Iron Ore Rings In 2016 as Holdings Swell at China's Portsby
Holdings at ports may top 100 million tons in 2016, Maike says
Reserves increase for fourth straight month as supply rises
Iron ore stockpiles at ports in China are heading into 2016 at the highest level in more than seven months as expanding low-cost supplies and sputtering demand in the biggest buyer spur concern that a glut will persist, hurting prices.
“Stockpiles have been on the rise because domestic demand is getting weaker and shipments from the major producers have increased,” Dang Man, an analyst at Maike Futures Co. in Xi’an, said by phone on Monday. Mills have “been cutting production, which reduces demand for iron ore. So a lot of the stocks have remained at ports.”
Holdings rose 0.8 percent to 93.1 million metric tons last week in the final reading of 2015, according to Shanghai Steelhome Information Technology Co. The inventories are at the highest since May after expanding for four months.
Iron ore breached $40 a ton this month, hurt by surging low-cost supply from producers including BHP Billiton Ltd., Rio Tinto Group and Vale SA, weaker consumption and rising stockpiles. Mills in the country that supplies half the world’s steel reined in output as product prices sank and the onset of winter curbed demand already hurt by a cooling economy. Port holdings expanded 13 percent this quarter, the biggest gain since the first three months of 2014.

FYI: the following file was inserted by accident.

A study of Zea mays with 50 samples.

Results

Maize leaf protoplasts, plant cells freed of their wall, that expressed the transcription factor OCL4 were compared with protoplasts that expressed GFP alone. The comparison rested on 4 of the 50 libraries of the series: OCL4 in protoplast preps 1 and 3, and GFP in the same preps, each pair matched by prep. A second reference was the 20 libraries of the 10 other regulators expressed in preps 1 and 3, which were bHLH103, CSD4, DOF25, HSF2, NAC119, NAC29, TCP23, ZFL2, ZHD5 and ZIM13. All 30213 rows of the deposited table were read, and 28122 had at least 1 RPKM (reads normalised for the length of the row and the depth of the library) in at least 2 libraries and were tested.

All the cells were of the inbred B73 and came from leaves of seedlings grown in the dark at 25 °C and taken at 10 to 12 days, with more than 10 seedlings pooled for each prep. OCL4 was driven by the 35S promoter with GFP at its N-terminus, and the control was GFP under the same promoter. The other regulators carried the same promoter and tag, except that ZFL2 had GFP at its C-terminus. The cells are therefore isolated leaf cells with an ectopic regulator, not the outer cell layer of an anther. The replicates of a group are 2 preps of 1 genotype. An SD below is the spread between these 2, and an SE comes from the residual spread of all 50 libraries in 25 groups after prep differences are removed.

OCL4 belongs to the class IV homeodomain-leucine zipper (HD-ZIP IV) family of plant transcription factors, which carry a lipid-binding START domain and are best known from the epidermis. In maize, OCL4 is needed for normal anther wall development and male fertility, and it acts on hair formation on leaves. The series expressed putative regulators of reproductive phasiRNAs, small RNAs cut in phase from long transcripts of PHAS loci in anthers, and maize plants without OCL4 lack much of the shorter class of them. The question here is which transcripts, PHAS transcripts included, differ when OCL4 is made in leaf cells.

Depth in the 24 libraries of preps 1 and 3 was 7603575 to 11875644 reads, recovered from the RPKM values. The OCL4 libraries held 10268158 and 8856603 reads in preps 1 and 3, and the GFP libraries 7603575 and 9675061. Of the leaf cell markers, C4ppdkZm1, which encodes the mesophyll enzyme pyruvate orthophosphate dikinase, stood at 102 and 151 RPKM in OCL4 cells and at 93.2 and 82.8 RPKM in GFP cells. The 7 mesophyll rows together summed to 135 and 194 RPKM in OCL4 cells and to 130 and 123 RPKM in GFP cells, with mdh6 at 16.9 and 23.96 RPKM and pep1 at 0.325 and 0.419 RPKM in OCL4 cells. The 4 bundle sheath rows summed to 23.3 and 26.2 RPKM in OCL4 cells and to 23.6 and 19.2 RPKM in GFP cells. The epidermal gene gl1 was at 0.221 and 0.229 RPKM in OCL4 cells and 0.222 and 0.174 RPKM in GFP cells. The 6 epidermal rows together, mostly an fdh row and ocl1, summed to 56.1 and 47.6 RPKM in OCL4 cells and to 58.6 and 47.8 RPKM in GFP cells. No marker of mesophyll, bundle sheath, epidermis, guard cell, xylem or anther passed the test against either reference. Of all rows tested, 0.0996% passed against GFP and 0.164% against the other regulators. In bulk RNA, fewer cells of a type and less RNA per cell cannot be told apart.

“Inventories will continue to rise in 2016,” Dang said, forecasting that the holdings will probably climb back above 100 million tons. It won’t be a continuous increase because some high-cost mines will halt shipments, but the rising trend will persist, she said.
Iron ore has lost 27 percent this quarter and prices are set to cap a third annual decline, according to Metal Bulletin Ltd. Ore with 62 percent content delivered to Qingdao -- which bottomed at $38.30 a dry ton this month, a record in daily price data dating back to May 2009 -- was at $41 on Thursday.
Shipments from Australia will expand by about 100 million tons to 868 million tons next year, the country’s Department of Industry, Innovation & Science said last week in a quarterly report that cut the government’s price forecast. As rising supplies from Australia and Brazil push iron ore lower in 2016, overcapacity in China’s steel industry is expected to weigh on steel prices, the Australian government said.
The rising port stockpiles are a reflection of the slowdown in demand in China, according to Australia & New Zealand Banking Group Ltd., which predicted in a note last week that the port reserves will increase further.
Rising stockpiles of ore in China are a precursor to further declines in steel output, Axiom Capital Management Inc. said in a report on Monday that repeated a forecast for ore prices to drop into the $20s. The global surplus may expand to 490 million tons in 2019 from 107 million tons this year, it said.
As policy makers steer Asia’s biggest economy away from investment-led growth, steel demand and production are contracting. Next year, supply will drop to about 783 million tons from 806 million tons in 2015, the China Iron & Steel Association has forecast.